This may finally be the year that clean-burning hydrogen faces the music about its role in a low-carbon future. Proponents of hydrogen say it is so versatile and practical that it’s the world’s best bet to transition away from fossil fuels. Detractors say it’s a highly inefficient use of resources that will require massive investment, likely in the form of government subsidies flowing to fossil-fuel companies.
But there are signs that hydrogen could be gaining traction as a transportation fuel. For example, energy company HTEC in December announced it will begin producing 15 tonnes per day of clean hydrogen from a bleach-manufacturing plant. That’s enough to power all the buses in Vancouver and maybe other cities as well.
But many transportation modes, such as rail, remain in a trial stage, where hydrogen has been stuck for a decade. Critics say there are a lot of reasons why it’ll never progress from there. — Gabriel Friedman
Last year was a big one for electric vehicles (EVs). Politicians made strides in establishing Quebec, and Canada more broadly, as a one-stop-shop for EV batteries and components, with, for example, General Motors Co. agreeing to establish a plant for cathode active materials in Bécancour, Que. The materials are an integral component of EV batteries.
Across North America, EV subsidies are bridging the price gap between EVs and their gas-powered counterparts. Prices are nearing the “tipping point” where manufacturers will be able to build EVs that cost less than gas-powered cars and trucks over their lifetimes. Subsidies aside, EVs still cost more than their gas-powered equivalents.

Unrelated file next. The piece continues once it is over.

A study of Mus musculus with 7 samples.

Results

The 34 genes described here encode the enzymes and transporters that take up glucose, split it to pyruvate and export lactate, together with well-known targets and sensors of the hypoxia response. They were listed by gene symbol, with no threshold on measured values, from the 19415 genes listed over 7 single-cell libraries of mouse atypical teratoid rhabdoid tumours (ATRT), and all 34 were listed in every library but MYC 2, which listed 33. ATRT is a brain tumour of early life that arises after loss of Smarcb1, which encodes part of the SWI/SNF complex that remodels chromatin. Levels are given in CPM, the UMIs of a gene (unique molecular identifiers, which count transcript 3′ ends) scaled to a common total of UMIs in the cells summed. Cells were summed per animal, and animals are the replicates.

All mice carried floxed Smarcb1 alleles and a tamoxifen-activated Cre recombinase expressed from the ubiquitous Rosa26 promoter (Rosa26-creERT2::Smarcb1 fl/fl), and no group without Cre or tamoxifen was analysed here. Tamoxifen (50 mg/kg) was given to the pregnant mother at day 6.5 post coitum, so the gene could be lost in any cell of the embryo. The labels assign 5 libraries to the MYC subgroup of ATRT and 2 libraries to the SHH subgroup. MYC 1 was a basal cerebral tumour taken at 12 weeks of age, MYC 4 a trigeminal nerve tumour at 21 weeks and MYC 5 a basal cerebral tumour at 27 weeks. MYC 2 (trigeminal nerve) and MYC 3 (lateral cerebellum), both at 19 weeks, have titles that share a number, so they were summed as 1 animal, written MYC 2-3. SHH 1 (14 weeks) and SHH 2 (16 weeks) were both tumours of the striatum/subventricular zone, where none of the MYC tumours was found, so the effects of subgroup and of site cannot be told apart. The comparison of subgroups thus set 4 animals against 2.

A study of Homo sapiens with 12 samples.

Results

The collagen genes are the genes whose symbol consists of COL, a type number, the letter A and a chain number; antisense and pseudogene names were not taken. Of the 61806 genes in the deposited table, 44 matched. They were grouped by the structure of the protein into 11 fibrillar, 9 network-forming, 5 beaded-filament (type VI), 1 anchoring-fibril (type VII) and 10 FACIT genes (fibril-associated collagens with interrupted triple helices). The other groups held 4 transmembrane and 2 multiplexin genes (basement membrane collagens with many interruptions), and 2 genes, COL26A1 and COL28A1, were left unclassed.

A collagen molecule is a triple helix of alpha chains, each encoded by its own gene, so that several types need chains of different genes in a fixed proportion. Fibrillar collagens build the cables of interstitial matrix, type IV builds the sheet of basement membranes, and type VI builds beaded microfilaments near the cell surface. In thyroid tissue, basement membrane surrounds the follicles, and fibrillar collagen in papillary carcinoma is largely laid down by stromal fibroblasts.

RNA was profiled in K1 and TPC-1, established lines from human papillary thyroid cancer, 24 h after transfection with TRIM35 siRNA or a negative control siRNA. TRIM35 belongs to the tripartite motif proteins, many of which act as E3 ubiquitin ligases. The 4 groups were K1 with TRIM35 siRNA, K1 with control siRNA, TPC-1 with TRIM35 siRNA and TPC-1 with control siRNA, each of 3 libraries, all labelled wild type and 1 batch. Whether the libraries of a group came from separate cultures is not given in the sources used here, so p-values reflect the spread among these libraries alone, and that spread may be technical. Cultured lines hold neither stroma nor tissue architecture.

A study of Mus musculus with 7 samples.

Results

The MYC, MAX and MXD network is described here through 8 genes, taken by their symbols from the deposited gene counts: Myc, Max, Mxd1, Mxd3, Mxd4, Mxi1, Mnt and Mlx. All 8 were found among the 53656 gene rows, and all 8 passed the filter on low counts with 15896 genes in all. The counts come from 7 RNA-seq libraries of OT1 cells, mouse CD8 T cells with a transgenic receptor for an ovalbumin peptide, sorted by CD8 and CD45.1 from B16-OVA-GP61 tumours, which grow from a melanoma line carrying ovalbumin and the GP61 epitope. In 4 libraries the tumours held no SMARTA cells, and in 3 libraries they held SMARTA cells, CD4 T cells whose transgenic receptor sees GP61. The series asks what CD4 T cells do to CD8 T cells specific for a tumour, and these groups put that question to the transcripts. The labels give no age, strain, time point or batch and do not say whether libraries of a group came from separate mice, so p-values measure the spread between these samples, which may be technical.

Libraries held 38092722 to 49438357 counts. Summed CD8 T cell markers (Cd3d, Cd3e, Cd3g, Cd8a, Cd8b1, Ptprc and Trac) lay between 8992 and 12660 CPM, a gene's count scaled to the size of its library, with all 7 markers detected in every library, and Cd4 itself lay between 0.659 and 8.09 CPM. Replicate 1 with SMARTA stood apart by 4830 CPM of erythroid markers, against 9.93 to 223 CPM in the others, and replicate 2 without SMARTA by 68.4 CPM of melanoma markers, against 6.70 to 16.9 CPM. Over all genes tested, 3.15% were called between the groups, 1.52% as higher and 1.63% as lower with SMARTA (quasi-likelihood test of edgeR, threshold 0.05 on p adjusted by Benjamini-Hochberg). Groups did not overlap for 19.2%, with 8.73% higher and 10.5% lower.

Though EVs continue to gain popularity, there are still concerns that recent clean-vehicle mandates could drive up the cost of all vehicles. Nonetheless, an ever-narrowing price differential between gas and electric vehicles could dramatically increase EV uptake in the year ahead. — Marisa Coulton
The oilpatch is anticipating an onslaught of highly consequential federal climate policies in 2023 (and we thought last year was busy when it came to policy, with the Emissions Reduction Plan, Clean Fuel Regulations and carbon capture investment tax credit all rolling out in 2022).
This coming year will bring the long-awaited and controversial federal cap on emissions for the oil and gas sector, the potential introduction of carbon contracts for differences and the new Clean Electricity Regulations (CER) that will help drive progress on a net-zero electricity grid.
Also anticipated early this year is the Liberal government’s controversial Just Transition bill, which is designed to transition oil and gas workers to green energy jobs. — Meghan Potkins
That’s a lot to take in, but FP Energy will be there to keep up with the news and help fit developments into the bigger transition puzzle.